Do we get second chances in life?
I think we do, in more ways than one.
My first “second chance” happened in 2003 at my 40th high school reunion.
Gloria — who wasn’t my friend yet — was seated at a table with other classmates. Even though the group didn’t look familiar, I was determined to greet everyone before the evening ended.
But on that night, she and I connected. It was a second chance for friendship.
In the months that followed, we emailed. She learned that I had been through breast cancer earlier that year. I learned about her family, a new vacation home in Mexico, and other slices of her life.
Then, about a year later, she broke the news that she was going through breast cancer. As friends do, we conferred, consoled and shared tears. Friendship offered strength for the journey.
Gloria became a survivor. Life took on normalcy again.
Then one day, the news came that she faced cancer’s challenge again. As the weeks flew by, I became complacent, lost in a world of my own.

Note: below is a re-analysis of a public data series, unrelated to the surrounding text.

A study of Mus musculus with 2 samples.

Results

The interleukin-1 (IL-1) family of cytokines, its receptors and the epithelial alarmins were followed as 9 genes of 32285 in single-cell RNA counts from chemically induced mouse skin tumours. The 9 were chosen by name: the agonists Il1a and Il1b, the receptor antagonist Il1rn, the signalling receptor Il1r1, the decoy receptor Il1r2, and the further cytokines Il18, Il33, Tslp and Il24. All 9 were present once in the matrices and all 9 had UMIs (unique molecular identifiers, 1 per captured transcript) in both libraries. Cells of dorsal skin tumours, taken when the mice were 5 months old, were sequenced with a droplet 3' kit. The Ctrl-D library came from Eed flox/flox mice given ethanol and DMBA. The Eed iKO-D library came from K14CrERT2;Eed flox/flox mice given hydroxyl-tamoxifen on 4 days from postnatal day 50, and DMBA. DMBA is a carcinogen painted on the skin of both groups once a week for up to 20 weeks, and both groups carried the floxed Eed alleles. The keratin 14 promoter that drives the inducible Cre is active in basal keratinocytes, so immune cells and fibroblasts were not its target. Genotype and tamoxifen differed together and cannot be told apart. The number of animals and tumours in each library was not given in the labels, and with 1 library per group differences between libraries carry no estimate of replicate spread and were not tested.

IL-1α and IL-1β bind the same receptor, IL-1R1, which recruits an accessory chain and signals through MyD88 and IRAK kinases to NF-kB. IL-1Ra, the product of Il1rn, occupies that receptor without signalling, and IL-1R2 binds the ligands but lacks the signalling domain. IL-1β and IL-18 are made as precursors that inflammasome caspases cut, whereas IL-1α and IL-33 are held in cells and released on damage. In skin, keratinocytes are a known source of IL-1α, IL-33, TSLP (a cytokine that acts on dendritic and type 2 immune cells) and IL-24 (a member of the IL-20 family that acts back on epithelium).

I was sure Gloria would beat the “Big C” again this time.
But she didn’t. And that second chance for friendship slipped away, leaving remorse as my constant companion. Regret over losing contact with my friend during her time of need troubled me deeply and has continued to do so.
And yet, I think God sees our heart and the grief that lingers.
Recently, Gloria’s daughter — Celina — discovered my email address in a Christmas card. She sent the glorious news that she and her husband have had their first baby, little Rex Joseph.
Celina also asked me to be her friend on Facebook.
For me, this is another “second chance” — one that feels like a hug from Heaven.